The Checkup: Are Ultra Marathons Bad for Your Heart?

Looks like it—"excessive endurance exercise" puts people at risk for permanent heart damage, according to a new study.

• Proving that there can, in fact, be too much of a good thing, new research on ultra-marathon running—covering distances of 50 kilometers or more—found that “excessive endurance exercise” might be putting people at risk for permanent heart damage and deadly heart attacks. Turns out, these kinds of endurance events actually bring about changes in the heart, elevating levels of substances that cause cardiac damage and inflammation. At first, when the athlete is just starting out, those levels rise temporarily then return to normal. But as you repeatedly train at extremely high and intense levels, exposing your heart to the substances over and over again, “these compounds can lead to scarring of the heart and its main arteries as well as to enlarged ventricles—all of which can in turn lead to dangerous irregular heart beats (arrhythmia) and possibly sudden cardiac death,” reports the Scientific American. So what’s the exercise sweet-spot—the amount of time you should spend exercising to reap the benefits and mitigate the damage? Researchers suggest that athletes undertake no more than an hour of strenuous exercise (it can be longer if the exercise is less vigorous) a day and submit to regular heart checkups with their doctors. Us regular folks should stick with a “routine of daily physical activity” of between 30 and 60 minutes.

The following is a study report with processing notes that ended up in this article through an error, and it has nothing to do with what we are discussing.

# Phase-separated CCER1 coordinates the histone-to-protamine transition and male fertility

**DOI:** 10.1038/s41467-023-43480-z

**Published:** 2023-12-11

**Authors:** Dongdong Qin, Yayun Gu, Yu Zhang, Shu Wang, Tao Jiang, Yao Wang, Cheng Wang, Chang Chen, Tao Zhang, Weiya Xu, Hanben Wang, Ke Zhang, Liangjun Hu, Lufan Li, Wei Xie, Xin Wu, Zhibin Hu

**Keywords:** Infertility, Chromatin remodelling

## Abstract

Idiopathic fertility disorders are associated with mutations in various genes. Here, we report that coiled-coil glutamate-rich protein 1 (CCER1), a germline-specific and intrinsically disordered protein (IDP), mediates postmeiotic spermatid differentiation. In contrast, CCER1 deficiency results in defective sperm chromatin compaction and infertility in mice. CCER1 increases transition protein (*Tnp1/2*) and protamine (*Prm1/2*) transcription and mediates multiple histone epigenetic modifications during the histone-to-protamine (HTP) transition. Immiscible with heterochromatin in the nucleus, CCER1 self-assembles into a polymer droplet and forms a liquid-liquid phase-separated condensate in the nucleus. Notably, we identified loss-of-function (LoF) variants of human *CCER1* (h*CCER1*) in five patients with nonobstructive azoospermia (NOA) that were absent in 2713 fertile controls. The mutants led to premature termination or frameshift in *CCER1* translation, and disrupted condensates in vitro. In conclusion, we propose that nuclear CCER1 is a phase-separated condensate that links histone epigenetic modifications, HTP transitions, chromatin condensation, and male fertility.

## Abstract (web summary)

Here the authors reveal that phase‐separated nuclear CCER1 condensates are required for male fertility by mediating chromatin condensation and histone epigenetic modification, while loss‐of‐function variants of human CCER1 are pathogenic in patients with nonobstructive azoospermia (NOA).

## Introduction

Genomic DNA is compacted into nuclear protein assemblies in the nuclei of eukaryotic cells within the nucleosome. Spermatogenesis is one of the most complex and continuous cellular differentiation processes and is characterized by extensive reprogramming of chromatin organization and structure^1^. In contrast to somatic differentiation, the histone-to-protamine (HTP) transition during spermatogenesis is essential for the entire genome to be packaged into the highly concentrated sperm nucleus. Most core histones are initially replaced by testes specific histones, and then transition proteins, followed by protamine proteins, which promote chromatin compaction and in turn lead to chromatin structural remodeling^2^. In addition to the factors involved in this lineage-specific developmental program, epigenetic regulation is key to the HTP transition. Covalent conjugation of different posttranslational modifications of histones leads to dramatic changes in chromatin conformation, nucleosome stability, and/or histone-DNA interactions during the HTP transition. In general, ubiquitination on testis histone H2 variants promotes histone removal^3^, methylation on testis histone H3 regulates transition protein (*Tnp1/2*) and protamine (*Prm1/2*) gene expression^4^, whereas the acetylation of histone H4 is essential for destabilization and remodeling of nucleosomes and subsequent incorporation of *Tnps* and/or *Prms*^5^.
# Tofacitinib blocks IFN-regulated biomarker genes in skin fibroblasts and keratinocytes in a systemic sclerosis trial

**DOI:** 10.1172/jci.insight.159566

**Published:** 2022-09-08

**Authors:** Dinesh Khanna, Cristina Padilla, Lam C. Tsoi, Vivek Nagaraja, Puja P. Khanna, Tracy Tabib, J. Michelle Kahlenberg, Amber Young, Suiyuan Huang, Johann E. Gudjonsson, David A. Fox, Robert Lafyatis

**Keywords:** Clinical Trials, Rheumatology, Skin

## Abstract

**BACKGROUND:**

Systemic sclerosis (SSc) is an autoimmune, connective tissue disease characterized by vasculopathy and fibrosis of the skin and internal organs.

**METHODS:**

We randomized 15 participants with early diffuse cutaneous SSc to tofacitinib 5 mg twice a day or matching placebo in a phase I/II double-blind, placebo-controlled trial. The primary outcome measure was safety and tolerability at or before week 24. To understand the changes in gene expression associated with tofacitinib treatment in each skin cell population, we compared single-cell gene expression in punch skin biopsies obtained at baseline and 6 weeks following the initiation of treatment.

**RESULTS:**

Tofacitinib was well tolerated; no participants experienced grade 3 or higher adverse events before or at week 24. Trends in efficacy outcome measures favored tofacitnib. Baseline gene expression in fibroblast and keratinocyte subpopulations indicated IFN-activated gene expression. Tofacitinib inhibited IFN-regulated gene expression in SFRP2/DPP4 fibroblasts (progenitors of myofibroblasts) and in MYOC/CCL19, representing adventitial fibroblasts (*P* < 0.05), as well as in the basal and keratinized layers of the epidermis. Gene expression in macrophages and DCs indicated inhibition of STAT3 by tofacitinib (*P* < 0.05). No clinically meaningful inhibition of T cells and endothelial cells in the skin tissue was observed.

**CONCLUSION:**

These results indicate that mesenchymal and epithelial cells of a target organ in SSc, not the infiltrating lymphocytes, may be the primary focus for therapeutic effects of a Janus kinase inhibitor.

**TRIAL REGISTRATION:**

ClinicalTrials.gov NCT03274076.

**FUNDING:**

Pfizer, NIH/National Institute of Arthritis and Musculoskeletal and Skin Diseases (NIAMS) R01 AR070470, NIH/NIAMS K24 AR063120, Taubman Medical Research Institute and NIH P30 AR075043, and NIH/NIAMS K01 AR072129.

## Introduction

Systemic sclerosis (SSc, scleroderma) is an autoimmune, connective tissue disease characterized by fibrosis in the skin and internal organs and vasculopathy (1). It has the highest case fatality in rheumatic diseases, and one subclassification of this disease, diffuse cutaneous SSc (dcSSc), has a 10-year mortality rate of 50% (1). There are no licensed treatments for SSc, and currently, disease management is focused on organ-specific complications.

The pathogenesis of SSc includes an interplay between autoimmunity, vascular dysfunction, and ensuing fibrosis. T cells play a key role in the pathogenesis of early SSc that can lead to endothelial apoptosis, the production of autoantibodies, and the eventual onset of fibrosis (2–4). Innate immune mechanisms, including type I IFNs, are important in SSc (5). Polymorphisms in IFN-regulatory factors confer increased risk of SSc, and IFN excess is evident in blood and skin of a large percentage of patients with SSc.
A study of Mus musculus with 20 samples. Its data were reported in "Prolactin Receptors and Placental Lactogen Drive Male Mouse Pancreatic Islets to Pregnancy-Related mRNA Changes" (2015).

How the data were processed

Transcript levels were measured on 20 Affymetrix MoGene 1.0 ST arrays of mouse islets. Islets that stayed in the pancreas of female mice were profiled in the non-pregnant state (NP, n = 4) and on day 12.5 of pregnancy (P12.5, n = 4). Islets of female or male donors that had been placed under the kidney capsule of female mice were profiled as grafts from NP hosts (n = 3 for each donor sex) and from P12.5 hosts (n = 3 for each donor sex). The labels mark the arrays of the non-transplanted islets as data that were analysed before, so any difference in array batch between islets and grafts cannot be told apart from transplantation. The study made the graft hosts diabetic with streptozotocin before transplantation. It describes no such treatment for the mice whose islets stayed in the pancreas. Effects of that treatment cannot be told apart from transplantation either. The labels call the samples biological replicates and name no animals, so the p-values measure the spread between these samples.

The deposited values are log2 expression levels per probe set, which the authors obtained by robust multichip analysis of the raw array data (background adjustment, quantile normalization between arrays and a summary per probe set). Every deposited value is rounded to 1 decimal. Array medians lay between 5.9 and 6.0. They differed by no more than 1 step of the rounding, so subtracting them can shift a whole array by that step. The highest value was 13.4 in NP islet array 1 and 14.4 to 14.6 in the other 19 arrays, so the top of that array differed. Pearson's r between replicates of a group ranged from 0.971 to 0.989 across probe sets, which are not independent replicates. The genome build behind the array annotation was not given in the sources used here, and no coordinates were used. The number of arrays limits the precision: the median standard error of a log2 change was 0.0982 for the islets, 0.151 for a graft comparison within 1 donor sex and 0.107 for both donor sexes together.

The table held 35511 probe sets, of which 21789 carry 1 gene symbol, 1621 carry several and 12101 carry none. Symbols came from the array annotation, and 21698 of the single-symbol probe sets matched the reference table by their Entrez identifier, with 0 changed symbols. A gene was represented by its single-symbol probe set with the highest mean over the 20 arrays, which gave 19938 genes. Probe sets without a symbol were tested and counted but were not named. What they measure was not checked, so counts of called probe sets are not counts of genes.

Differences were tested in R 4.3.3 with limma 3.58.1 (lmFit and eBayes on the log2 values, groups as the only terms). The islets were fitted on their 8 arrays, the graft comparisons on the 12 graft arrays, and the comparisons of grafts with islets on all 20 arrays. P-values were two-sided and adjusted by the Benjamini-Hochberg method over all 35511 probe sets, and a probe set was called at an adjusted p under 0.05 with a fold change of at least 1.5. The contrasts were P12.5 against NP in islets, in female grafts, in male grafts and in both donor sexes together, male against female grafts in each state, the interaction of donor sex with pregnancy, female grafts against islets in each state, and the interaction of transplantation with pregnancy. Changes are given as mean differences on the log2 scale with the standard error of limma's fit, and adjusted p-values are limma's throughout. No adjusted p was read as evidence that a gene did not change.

• A steakhouse in Haddonfield is offering teeny-weeny meals designed specifically for those eating after bariatric surgery. The nutritionist-designed menu includes four ounces of salmon with a carrot-ginger puree and sauteed spinach, and a three-ounce filet tip with cranberry quinoa and kale. The Philadelphia Business Journal has the story.

• Did ya catch the Pro Cycling Tour/Liberty Classic in Philly over the weekend? Local blogger Leslie has a pretty sweet photo recap.